By Kevin Kerr –
BALTIMORE (MarketWatch) — In the world of commodities trading, several things are vital for a new trader to learn right away. But the experienced trader also needs to constantly review these same things.
As a trader we have a toolbox — some have more tools than others, but we all have a toolbox. As our trading experience grows we add and subtract tools, keeping what we can use and leaving the rest behind. One of the most vital tools for commodities traders is the “seasonals.”
No doubt about it commodity trading can be difficult! Many people involved in commodity trading lose money, this is a fact. However, a basic understanding of the natural supply and demand cycles of commodities markets is a good first step for a new commodities trader to up their odds of success.
Some futures contracts are based on annually produced commodities, which tend to rally and break based on the certainty of supply. Other futures contracts are based on commodities which are demand driven, with the certainty of future demand driving prices.
A season for everything
Seasonality is found in pretty much every commodity, but none more than in agriculture. Crops, despite the major technology advances in recent years, are still dependent on weather conditions. Farmers have to wait for the snow to thaw before planting corn. Soybeans must be harvested before the first hard frost or the crop will be severely damaged. Orange juice citrus is dependent on warm temperatures in winter. And the list goes on and on.
Seasonal analysis presents often repeated scenarios. It’s not a crystal ball — though just because a market’s done something for the past 30 years in no way guarantees that the pattern will repeat itself every time. The point of seasonal analysis is to find situations where the environment is such that when a trade is going to be placed, you have an even better chance at profiting. You’re increasing your odds of winning.
Certain commodities tend to exhibit the most strength historically at the beginning of their production cycle. For example, grain futures are typically the most likely to rally during field preparation until planting is completed. This is because if planting goes poorly- too much rain, or drought, too hot or hard freeze, then yield will be lower, and supply will be less. Due to all the uncertainty, the market tends to build a “risk premium” into prices, to compensate producers for the risk involved.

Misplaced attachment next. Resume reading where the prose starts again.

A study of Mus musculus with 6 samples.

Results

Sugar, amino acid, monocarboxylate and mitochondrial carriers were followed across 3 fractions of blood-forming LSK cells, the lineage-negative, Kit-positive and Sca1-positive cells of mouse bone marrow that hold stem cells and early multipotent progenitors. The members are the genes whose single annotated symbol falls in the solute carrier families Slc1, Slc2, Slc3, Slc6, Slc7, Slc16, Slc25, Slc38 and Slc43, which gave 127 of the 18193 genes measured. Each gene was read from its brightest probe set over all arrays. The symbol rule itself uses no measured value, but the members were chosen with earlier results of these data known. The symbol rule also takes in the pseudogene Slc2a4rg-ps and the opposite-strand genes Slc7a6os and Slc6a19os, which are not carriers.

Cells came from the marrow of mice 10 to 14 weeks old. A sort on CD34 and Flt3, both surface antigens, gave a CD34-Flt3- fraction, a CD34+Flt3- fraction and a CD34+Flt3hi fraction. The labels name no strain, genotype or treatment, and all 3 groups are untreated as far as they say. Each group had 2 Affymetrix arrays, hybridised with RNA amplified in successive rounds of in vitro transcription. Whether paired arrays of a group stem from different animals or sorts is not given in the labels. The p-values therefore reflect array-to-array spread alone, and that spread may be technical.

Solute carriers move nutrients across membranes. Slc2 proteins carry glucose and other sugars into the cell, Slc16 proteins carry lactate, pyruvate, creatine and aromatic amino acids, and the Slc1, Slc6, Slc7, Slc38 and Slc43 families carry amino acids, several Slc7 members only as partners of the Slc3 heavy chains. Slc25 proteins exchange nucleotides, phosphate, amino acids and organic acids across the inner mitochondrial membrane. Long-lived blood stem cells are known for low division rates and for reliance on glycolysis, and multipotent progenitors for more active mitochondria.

Historically the weakest time of the year for these commodity futures contracts is when the risk associated with the crop lessens and the volatility dries up. For example, most grains are much less vulnerable to weather — rain and temperature — after they pollinate. So after “normal” pollination, prices tend to be weak as market attention turns to the eventual onslaught of supply.
Examples of annual production cycle commodities are: Corn, Wheat, Soybeans, Cotton, Cattle, Hogs, etc. An annually produced commodity tends to have supply available when the product is harvested, then demand is variable, and segmented throughout the year.
Other futures contracts are based on a market with variable production cycles, and more constant demand components: Such as the energy complex (crude oil, unleaded gas and heating oil) and metals (gold, silver, platinum).
Certain commodities tend to have constant year round production, so instead the demand or usage cycle is more important. These commodities are affected more by distribution network, and wholesalers who dictate prices. Historically the strongest times of the year for these types of commodities are the period when wholesalers begin to build inventory.
For example, heating oil dealers start to build up inventory in March through May. They need to purchase the heating oil for distribution before the public starts to buy it. Therefore, prices have historically been strongest well before the cold weather arrives, like right now.
Gold wholesalers buy in July and August ahead of Christmas jewelry demand.
Seasonals: Great roadmap but no Holy Grail
Seasonals have very distinct messages and can provide incredible insight for traders to examine.
Of course, just because a market has reacted a particular way in the past doesn’t mean it has to do it again. Often seasonals correctly foreshadow highs and lows in a given year and other years they don’t! Traders should always use other forms of analysis along with seasonality, because seasonal events can be premature or too late depending upon the specific year.
That said, by gaining an understanding of the seasonal patterns, and the strong tendencies of the market to move in a particular direction at a certain time of year can be a huge asset. When this tool is used in an overall strategy along with other methods to make an informed decision, it can ultimately lead to even more profits.